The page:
Marsaglia of Italy captures first World Cup race |

Marsaglia of Italy captures first World Cup race

Pat Graham
The Associated Press
Aspen, CO Colorado
Matteo Marsaglia, from Italy, stands on the podium during the men's World Cup super G ski race in Beaver Creek, Colo., Saturday, Dec. 1, 2012. Marsaglia won Saturday's race. (AP Photo/Alessandro Trovati)

BEAVER CREEK, Colo. – For some of the skiers, the super G course was so treacherous and tricky that it was a wipeout waiting to happen.

For Matteo Marsaglia, the hill was just risky enough that it presented an opportunity to finally break through.

The 27-year-old Italian took big gambles in places where few others would Saturday for his first World Cup victory. He finished in 1 minute, 14.68 seconds to edge Aksel Lund Svindal of Norway by 0.27 seconds. Hannes Reichelt of Austria was third, and Ted Ligety of the United States wound up fourth.

“If you want to win, you need to take some risks,” said Marsaglia, who had never finished better than fourth before this race. “On this slope, you need to take some risks, be lucky a little bit. I was lucky.”

The margin between a good run and going off course was slim on the tight Birds of Prey layout. There were 16 skiers who didn’t finish – along with one who didn’t even start – and several big wipeouts.

Germany’s Stephan Keppler, the first racer of the day, had a bad spill, when he lost his balance and crashed. He slid halfway down the mountain before winding up in the netting. But he walked away with only a cut above his left eye.

Max Franz of Austria wasn’t so fortunate. He smacked a gate on his run and fell hard to the snow, bumping his head. Franz was taken down the hill on a sled and to a hospital for observation.

The first mishap of the day certainly scared reigning World Cup overall champion Marcel Hirscher of Austria. He watched Keppler’s crash and decided he wasn’t going to take any chances. Not on this challenging course and especially not in just his fifth-ever super G start.

“When I saw that, I was like, ‘Whoa, little Marcel, this might be a step too much for you. Do it pretty slow and comfortably. Do not risk everything,'” Hirscher said.

And when he saw his teammate go down, Hirscher just shook his head.

“You have to risk everything. It’s not worth it,” he said of the course. “It’s not fair.”

Unfair? Svindal didn’t quite see it that way.

“Too hard is not unfair,” said Svindal, who finished second in the downhill Friday. “Unfair is if fog is moving in in the middle of the race. That’s unfair. A difficult course, for sure.

“To be honest, the courses where you’re like, ‘This might work, but there’s a 50-50 chance it’s not going to work’ – they’re not my favorites. When Reichelt was leading, I was happy. I knew he was a solid skier and he doesn’t go out very often. That tells me, ‘Ski this well and you can win it.’ Then Marsaglia goes up and he took major risks. I knew that’s going to be tough to beat.”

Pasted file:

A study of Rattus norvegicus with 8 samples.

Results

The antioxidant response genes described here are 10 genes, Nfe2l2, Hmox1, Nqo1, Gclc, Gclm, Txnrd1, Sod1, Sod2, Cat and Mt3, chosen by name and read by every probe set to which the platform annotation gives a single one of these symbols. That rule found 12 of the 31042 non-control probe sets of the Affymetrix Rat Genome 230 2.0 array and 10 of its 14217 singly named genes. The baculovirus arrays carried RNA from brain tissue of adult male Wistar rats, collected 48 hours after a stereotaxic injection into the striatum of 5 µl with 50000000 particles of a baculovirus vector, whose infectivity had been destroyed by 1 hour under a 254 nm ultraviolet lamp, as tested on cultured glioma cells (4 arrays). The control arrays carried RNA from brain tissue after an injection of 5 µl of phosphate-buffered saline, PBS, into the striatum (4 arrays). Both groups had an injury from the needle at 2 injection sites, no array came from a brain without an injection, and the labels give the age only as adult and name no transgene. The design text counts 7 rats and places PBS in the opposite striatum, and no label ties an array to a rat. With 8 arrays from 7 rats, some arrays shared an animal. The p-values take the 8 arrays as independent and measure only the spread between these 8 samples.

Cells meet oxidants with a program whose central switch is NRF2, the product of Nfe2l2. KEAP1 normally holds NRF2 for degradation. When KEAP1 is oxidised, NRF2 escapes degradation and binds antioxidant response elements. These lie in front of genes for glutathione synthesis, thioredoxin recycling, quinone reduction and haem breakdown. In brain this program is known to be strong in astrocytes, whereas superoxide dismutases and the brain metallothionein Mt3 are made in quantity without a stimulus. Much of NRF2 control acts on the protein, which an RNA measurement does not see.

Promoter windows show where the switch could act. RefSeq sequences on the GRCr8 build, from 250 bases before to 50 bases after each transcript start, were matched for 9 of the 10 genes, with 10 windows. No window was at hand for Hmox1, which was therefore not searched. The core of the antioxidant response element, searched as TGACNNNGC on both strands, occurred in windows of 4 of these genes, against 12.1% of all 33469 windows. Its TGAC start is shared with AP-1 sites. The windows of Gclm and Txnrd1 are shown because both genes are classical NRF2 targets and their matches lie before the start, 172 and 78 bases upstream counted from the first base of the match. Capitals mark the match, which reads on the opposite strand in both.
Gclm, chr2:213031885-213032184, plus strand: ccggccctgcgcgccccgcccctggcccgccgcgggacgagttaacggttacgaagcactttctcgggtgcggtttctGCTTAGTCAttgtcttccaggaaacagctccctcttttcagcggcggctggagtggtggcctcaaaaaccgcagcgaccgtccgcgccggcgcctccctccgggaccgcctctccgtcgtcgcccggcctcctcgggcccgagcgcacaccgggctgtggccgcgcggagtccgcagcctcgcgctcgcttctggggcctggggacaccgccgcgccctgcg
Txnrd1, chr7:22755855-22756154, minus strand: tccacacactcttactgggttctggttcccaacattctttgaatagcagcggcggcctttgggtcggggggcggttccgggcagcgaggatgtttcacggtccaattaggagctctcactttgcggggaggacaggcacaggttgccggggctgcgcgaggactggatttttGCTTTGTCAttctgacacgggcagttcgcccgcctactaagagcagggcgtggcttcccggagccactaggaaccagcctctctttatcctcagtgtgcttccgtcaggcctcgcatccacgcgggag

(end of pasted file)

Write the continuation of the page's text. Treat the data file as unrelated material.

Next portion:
Marsaglia simply turned in a flawless run. He found speed in sections of the hill where other skiers were hitting the brakes.

“Amazing run,” said Marsaglia, from Rome. “I really like this slope. I like this slope a lot. I tried to push everything. I had nothing to lose today.”

No, he definitely didn’t.

But Hirscher felt like he did, especially since his best event – the giant slalom – is Sunday.

“Those guys wanted to win. So, they risked everything,” said Hirscher, who finished 2.34 seconds behind Marsaglia in 32nd place. “I have to learn a lot.”

This particular course was set up by a member of the Austrian delegation and featured 37 turning gates. It required patience in some portions and all-out pushing in others.

“I went for it really hard in the places I could,” Ligety said. “I tried to ski smart in the places you had to be smart. Marsaglia took more risks than all the rest of us. It paid off.”

The oft-injured Marsaglia could hardly believe his fortune. Even after the top 30 or so racers went down the hill, when his podium spot was pretty much locked up, he still kept watching the race course, half expecting someone to turn in a good run from back in the pack to beat him.

“Slowly, slowly, I understand (what this means),” Marsaglia said.

It’s been a good weekend for the Italians as Christof Innerhofer won the downhill the day before. Not that Marsaglia’s surprised.

“We are a really good team. We know that,” he said. “This summer was really good training. This year, we can do some other races like yesterday and today.”

Innerhofer couldn’t agree more. He had another good run going before nearly missing a gate. He recovered in time to finish in 17th place.

“This is super steep, with a lot of bumps,” Innerhofer said. “It was interesting for everyone on television. Here, there was action.”

There may be plenty of action in the overall race this season, too, especially with the way Ligety’s skiing. Once considered an outside threat for the title, he’s now a bona fide contender. Svindal leads the current standings, but Ligety is just 140 points behind, which he could slice into Sunday in the giant slalom.

“That kid can come in and give us a fight for the overall,” Svindal said. “He’s starting to look more and more like one of those three or four guys who will be there all the way until the end.”

That is, if Svindal ever slows down. He won two straight races in Lake Louise last weekend and has now finished runner-up twice in Beaver Creek.

“We’re a long way off, with Aksel and the way he’s skiing. Hopefully, his streak doesn’t continue,” Ligety said. “Otherwise, we won’t have a chance.”